There have been a number of exotic rationales introduced in defense of the Republican tax bill that passed the Senate in the early hours of Saturday. None, however, sparked quite the same reaction as one introduced by Sen. Charles E. Grassley (R-Iowa).
“I think not having the estate tax recognizes the people that are investing,” Grassley told the newspaper, “as opposed to those that are just spending every darn penny they have, whether it’s on booze or women or movies.”
The argument, then: If, instead of blowing your money on booze and “women,” you were to invest it, you too could have an estate large enough to qualify.
How much are we talking about? Well, in 2017, the estate tax applies only to estates worth $5.49 million or more. In the interest of providing life advice to our readers, we decided to figure out just how much you’d need to cut back on your booze and moving pictures to save enough to qualify for that tax.
The most popular liquor in Iowa, according to the Des Moines Register, is Black Velvet Canadian whisky. (Note: The Post spells the name of the drink as “whiskey” unless it’s Canadian or Scotch.)
Local grocery giant Hy-Vee doesn’t list prices for the drink on its website, so we called a Des Moines-area Walmart. There, a 1.75-liter bottle costs $17.67. So we can do the math.
For an Iowan to save enough to qualify for the estate tax simply by cutting out her favorite liquor, she would simply need to buy 310,697 fewer bottles of it. If she usually goes through a bottle a day — an unhealthy habit, to be sure — she simply needs to stop doing so for 851 years to save the $5.5 million or so.
Or, if she is perhaps instead the generous type, she should cut down on giving out free shots to other people. How many shots? 310,697 bottles of Black Velvet generate about 12.3 million shots — enough to provide about four shots for every resident of the state.
Sorry, Iowans, you’ll have to buy four shots of whisky (or whiskey) out of your own pocket. This lady over here is trying to build an estate.
Some people have questioned what, exactly, Grassley means by spending money on “women.” I saw one person on social media mention “escorts,” which I’m a bit confused by. If you wanted to, though, you could save for your estate by deciding against buying 2,501 used Ford Escorts near Des Moines — not to mention what you’d save on parking.
Let’s instead assume that Grassley meant that you should cut down on taking women on dates. (At no point in time did I describe my courtship of my wife as “spending money on women,” but who am I to judge?) We found a list of 25 date ideas in Des Moines, including a night at a restaurant called Django, which appears not to be a theme restaurant related to the Quentin Tarantino movie.
At Django, figure you would spend about $66 on two entrees, an appetizer and a couple of drinks, plus tax and tip. To instead have enough money in the bank to qualify for the estate tax, you’d simply need to go to Django 83,182 fewer times. If you usually go every weekend evening, just stop going for the next 800 years. Put that money in the bank, and then you, too, can pay the estate tax, assuming it doesn’t change between now and the year 2817.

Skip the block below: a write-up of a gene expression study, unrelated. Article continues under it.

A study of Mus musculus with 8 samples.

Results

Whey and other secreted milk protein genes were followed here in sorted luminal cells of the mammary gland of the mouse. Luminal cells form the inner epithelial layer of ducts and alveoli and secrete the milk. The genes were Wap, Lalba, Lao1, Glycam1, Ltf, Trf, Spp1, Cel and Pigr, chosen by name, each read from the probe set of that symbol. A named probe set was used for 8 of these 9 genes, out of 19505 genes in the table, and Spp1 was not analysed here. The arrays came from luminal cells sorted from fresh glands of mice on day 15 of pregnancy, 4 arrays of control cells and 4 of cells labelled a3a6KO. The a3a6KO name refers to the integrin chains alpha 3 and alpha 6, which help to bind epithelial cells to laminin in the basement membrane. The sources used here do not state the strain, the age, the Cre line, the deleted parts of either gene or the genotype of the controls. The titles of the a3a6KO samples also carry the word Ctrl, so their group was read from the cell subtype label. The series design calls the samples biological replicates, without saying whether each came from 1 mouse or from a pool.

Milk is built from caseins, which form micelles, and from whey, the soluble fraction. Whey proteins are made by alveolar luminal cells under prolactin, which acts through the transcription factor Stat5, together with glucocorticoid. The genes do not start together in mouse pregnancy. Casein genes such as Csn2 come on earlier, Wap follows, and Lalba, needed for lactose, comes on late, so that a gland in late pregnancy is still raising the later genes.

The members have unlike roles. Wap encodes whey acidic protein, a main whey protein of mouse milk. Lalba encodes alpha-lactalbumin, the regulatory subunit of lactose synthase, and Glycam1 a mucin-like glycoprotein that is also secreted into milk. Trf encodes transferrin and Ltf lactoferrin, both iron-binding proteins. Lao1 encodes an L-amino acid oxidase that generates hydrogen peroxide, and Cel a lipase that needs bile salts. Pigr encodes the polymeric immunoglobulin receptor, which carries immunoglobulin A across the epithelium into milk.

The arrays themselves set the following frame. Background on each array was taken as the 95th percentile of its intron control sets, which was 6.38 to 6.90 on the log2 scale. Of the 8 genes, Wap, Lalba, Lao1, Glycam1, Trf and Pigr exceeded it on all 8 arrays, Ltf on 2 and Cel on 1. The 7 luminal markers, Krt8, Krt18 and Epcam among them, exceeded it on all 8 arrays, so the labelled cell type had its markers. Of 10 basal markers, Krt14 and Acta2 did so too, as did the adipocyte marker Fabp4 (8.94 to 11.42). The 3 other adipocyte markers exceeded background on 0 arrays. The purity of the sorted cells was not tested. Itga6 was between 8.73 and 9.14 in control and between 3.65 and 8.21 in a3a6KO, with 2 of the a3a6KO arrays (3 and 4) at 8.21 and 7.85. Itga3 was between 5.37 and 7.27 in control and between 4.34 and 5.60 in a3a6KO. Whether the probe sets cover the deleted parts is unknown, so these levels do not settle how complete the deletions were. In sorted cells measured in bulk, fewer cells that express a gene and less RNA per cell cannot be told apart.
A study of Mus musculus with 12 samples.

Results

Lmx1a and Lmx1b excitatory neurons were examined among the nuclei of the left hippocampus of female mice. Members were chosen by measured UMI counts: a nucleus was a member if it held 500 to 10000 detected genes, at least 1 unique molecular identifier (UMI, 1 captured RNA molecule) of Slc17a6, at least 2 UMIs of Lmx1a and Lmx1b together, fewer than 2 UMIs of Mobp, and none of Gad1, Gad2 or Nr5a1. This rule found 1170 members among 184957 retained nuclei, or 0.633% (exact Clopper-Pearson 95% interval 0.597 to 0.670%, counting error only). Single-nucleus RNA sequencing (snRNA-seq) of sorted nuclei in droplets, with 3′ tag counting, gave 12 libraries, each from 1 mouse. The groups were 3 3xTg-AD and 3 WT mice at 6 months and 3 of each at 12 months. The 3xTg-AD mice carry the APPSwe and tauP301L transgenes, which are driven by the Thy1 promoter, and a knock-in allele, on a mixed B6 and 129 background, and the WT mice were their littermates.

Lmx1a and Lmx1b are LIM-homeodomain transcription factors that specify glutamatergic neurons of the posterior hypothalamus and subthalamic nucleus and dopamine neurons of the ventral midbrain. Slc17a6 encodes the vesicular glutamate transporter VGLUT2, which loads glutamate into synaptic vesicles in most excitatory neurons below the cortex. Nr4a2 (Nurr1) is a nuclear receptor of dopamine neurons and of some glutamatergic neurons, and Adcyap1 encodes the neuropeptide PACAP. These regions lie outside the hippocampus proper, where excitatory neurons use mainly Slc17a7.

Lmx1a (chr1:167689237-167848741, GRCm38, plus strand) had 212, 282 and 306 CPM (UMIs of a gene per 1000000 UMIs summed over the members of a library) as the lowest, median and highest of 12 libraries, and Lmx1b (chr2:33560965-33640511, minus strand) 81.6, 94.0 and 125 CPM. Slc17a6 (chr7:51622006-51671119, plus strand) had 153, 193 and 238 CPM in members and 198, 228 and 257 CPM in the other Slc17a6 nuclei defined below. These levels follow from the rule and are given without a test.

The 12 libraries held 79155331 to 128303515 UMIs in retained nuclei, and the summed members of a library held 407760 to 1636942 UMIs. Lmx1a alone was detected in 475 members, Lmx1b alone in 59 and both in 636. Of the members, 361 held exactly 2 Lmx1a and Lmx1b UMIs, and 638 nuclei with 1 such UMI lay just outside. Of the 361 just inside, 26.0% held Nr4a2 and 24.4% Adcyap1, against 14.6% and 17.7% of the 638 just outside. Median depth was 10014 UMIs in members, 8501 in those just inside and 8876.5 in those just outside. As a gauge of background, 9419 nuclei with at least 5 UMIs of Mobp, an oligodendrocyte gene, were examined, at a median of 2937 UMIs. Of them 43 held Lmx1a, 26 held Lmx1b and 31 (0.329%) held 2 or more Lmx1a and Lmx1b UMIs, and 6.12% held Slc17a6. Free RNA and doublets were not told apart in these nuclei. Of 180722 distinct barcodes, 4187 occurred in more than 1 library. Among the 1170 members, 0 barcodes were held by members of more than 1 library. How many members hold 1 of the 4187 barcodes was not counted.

(Don’t worry; we’re getting to the “investment” thing. One more cost savings to suss out, though.)
Let’s say that instead of saving for your estate, you want to see a movie. Let’s say that, in particular, you want to see “Justice League,” the 24th of 38 movies about comic books released in 2017.
If you live in Des Moines, you can see an evening showing at the AMC Classic Southridge 12 for $10.48. To have $5.5 million by the time you die, you’ll just need to avoid repeat viewings. About 523,855 repeat viewings, to be exact.
“Justice League” is just shy of two hours long, meaning you’ll have to forgo watching the film in theaters for 115 straight years. Or, if you are the generous type, just change your plans to buy out a 300-seat theater for the next 140 days, 10 hours and 8 minutes continuously. Sure, it would be fun to treat 299 other people to a comic-book movie with a 41 percent Rotten Tomatoes score for every minute between now and 9:03 p.m. April 23, but this is your future we’re talking about.
What about investment?
Grassley’s point, though, was that this money would be better used on investments, not that you could simply stop buying Ford Escorts and suddenly be rich enough to qualify.
So let’s say that you are a 30-year-old woman of average height and weight who drinks a bit (Black Velvet, in particular). Actuarial tables estimate that you’ll live another 51 years. One estimate for return on investment over the next few decades is 7 percent annually, assuming investments in large-company stocks. There’s no certainty of that, of course, but let’s use it for our example.
To have $5.49 million by 2068, the year the woman in our example sadly leaves us, she would need to invest about $174,500 in the stock market right now.
Meaning, in other words, that she needs to buy 9,875 fewer bottles of Black Velvet, or 2,644 fewer dinners at Django, or 16,651 fewer showings of “Justice League” or 79 fewer used Ford Escorts. Then, she has the $174,500 she needs to invest, sees annual 7 percent growth and qualifies for the estate tax at the end of her life.
Unless, of course, the estate tax limit goes up.
Update: The senator replies by email.
“My point regarding the estate tax, which has been taken out of context, is that the government shouldn’t seize the fruits of someone’s lifetime of labor after they die. The question is one of basic fairness, and working to create a tax code that doesn’t penalize frugality, saving and investment. That’s as true for family farmers who have to break up their operations to pay the IRS following the death of a loved one as it is for parents saving for their children’s college education or working families investing and saving for their retirement.”